Alaska Digest

Posted: Sunday, January 15, 2006

Friends, families mark Big Valley sinking

KODIAK - Plans sank, too, with the Big Valley last January, plans for marriages and babies, for budding careers and retirements.

On Sunday, friends and families of the five fishermen who died when the 92-foot crabber went down Jan. 15, 2005, will pause to remember the men they knew and imagine what might have been.

Skipper Gary Edwards, 46, of Kodiak, Danny Vermeersch, 33 of Belgium, Josias Luna, 48, of Anchorage, Aaron Marrs, 27, of Louisville, Ky., and Carlos Rivera, 35, of Uruguay perished when their ship rolled in stormy weather about 70 miles from St. Paul Island as it began the opilio crab season.

Cache Seel, 31, was the sole survivor. He is now in Egypt and has no plans to return Kodiak anytime soon.

The Big Valley sinking was the first major incident in that fishery since March 19, 1999, when the Kodiak-based Lin-J capsized, killing all five fishermen aboard.

The year since has brought calls for more safety regulations, an investigation into the cause of the fatal capsizing and grief.

"All of us are wondering what young men like Aaron, what their lives could have been if they had hung on," said Mark Hogg of Kentucky. He was youth minister to Marrs, the youngest man aboard.

The Coast Guard had limited the Big Valley, one of the smallest boats that participated in the snow crab fishery, to carrying 31 crab pots.

It left Dutch Harbor for its final trip with 55 pots and 183,000 pounds of bait, more than three times the amount allowed, according to the Coast Guard investigation.

That extra weight contributed to its fate, the investigation found.

Canceled drilling project back on

ANCHORAGE - A Prudhoe Bay drilling project that was scrapped last year has been resurrected, a BP spokesman said.

Plans for the project stalled in response to Gov. Frank Murkowski's tax hike on oil production.

The well will be drilled this winter in the western wing of Prudhoe at a cost of up to $5.5 million, said Daren Beaudo, spokesman for BP Exploration (Alaska) Inc. BP is heading the project but other companies will share in the cost, including ConocoPhillips and Exxon Mobil.

The purpose of the well is to appraise oil deposits in the area, including pools of thick crude known as heavy oil contained in the shallow Orion and Borealis fields that overlay Prudhoe Bay.

The well is an important step toward a western Prudhoe development plan that could involve as much as $1.5 billion in investment over a 10-year period, according to Beaudo.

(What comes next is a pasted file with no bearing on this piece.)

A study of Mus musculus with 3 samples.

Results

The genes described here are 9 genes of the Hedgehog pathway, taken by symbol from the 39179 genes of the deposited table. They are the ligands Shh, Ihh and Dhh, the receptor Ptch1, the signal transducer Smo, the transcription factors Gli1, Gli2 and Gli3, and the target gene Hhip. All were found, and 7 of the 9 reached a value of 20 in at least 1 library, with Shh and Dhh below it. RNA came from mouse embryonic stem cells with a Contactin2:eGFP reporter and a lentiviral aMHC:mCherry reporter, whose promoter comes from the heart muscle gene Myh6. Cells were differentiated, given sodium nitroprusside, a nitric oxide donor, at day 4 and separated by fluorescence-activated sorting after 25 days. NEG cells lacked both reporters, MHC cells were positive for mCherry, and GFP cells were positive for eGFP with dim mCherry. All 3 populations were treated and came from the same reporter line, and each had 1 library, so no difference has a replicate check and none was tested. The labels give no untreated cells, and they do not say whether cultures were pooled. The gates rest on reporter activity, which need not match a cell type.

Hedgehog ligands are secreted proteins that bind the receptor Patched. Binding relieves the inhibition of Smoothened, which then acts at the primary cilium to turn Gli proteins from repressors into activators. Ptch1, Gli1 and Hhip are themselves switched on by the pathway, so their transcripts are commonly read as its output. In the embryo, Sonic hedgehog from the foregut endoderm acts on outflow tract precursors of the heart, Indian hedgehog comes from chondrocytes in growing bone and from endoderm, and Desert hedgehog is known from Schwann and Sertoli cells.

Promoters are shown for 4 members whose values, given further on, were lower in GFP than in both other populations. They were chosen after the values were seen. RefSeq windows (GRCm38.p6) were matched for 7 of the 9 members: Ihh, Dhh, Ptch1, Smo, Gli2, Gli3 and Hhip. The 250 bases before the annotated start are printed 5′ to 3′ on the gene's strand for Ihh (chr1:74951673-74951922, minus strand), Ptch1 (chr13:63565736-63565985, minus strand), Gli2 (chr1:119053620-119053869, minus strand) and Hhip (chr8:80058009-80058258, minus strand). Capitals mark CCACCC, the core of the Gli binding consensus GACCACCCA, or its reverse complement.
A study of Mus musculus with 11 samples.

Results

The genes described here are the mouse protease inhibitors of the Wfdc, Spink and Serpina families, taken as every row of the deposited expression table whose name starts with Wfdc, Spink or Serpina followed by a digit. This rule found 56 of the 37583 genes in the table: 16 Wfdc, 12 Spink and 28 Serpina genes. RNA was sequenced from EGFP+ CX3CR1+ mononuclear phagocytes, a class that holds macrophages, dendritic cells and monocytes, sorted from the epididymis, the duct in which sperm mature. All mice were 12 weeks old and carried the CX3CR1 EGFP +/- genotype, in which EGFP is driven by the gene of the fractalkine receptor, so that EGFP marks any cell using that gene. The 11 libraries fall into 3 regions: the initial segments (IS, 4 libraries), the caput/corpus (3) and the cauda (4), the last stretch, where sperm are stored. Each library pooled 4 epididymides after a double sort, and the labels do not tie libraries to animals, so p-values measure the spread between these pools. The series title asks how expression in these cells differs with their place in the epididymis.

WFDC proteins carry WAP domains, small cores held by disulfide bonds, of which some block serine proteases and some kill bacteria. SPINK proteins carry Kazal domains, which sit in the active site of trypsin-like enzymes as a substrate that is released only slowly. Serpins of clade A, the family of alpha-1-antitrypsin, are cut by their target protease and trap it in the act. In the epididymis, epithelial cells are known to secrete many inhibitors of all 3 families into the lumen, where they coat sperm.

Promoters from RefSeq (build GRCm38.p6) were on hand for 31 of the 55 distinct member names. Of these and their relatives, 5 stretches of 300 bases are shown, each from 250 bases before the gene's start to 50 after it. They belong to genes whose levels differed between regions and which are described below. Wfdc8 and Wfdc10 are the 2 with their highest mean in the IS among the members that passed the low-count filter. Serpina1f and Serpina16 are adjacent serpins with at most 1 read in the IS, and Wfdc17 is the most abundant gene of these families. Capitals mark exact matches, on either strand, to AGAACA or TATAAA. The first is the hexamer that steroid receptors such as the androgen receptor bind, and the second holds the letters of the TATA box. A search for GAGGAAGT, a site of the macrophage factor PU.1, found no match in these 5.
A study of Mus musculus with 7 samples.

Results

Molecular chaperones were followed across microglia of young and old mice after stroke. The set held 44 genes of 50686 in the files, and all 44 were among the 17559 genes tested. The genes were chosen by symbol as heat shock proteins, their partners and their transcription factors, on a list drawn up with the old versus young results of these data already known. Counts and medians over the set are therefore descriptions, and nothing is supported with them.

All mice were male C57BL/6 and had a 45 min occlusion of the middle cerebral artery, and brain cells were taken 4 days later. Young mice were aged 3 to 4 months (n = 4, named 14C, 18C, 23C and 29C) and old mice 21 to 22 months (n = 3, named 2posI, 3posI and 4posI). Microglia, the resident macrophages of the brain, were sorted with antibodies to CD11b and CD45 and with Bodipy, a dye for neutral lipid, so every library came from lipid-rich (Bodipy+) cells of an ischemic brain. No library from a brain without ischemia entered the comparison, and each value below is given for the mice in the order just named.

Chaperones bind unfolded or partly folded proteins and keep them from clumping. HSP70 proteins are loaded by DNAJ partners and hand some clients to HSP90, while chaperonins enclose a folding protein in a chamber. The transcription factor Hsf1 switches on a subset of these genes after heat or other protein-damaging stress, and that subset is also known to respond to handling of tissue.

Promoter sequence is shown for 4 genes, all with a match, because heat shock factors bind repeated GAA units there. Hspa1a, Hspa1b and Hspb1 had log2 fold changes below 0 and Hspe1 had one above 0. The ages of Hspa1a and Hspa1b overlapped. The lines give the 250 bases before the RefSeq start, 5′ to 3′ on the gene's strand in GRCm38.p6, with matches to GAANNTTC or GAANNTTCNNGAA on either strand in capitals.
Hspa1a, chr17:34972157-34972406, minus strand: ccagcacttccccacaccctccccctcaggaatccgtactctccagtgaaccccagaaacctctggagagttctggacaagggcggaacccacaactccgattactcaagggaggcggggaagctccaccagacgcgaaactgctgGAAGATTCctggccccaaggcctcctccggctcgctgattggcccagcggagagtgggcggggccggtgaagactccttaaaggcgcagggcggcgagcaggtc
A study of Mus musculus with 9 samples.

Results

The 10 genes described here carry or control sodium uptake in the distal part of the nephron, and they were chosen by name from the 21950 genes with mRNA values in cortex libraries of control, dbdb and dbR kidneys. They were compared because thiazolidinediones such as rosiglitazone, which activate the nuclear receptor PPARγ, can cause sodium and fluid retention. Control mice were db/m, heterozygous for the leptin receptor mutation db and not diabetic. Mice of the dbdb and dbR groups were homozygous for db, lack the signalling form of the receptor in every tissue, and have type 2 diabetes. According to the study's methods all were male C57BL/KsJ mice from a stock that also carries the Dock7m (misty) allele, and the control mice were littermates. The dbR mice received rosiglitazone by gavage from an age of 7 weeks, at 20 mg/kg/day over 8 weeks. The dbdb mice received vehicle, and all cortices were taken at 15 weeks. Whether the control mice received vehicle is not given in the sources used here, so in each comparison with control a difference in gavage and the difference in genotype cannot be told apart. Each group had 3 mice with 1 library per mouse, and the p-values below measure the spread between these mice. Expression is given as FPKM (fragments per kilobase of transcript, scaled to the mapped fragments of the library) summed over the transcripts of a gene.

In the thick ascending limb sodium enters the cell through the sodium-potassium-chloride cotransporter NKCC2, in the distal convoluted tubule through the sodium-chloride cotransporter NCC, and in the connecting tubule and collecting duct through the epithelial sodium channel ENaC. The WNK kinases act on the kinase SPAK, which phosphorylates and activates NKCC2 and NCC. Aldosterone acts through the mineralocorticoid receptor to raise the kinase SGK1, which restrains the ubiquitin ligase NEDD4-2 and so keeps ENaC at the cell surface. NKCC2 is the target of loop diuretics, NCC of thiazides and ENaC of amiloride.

BP and Conoco executives said in speeches last year that the well and possibly the broader development project might be scrapped as a result of Murkowski's tax hike. The well was originally scheduled for drilling last winter.

Constitutional delegates convene

FAIRBANKS - Five decades after 55 delegates met in Fairbanks to create Alaska's constitution, 55 young people are meeting again to follow the original group's lead in crafting their own vision for the state's future.

"Step aside and concentrate on the key issues," former delegate Vic Fischer told participants Friday at the kickoff of the Conference of Young Alaskans.

The conference continues through Monday at the University of Alaska Fairbanks.

Delegates from across the state range in age from 14 to 26. They come from 25 Alaska communities and represent 13 ethnic backgrounds, said Ian-Michael Hebert, the chair of the conference steering committee.

Two in the group are descendants of delegates who attended Alaska's Constitutional Convention. Two delegates were absent Friday because their flights were grounded due to the eruption of Augustine Volcano.

The conference is one of the activities planned to commemorate the creation of the state's constitution, a prelude to statehood, by Creating Alaska, a UA organization.

Service held for man believed killed in Iraq

JAMESTOWN, N.D. - Surrounded by pictures of Ronald Schulz as a son, a student and a Marine, family members and friends filled a church Saturday to remember the 40-year-old contractor believed to have been killed by a militant group in Iraq.

The memorial service was held at St. John's Lutheran Church, the same church where Schulz was baptized. A Marine Corps honor guard presented his mother, Gladys, with an American flag. Schulz had been living in Eagle River, near Anchorage.

Paul Sandstrom, who spoke on behalf of the Schulz family, said he feels anger and frustration, but he said the family wants people to think of Ronald Schulz and "replace that hole in your heart with a fond memory."

The Islamic Army in Iraq claimed last month that it had killed Schulz, who was working as an industrial electrician in Iraq.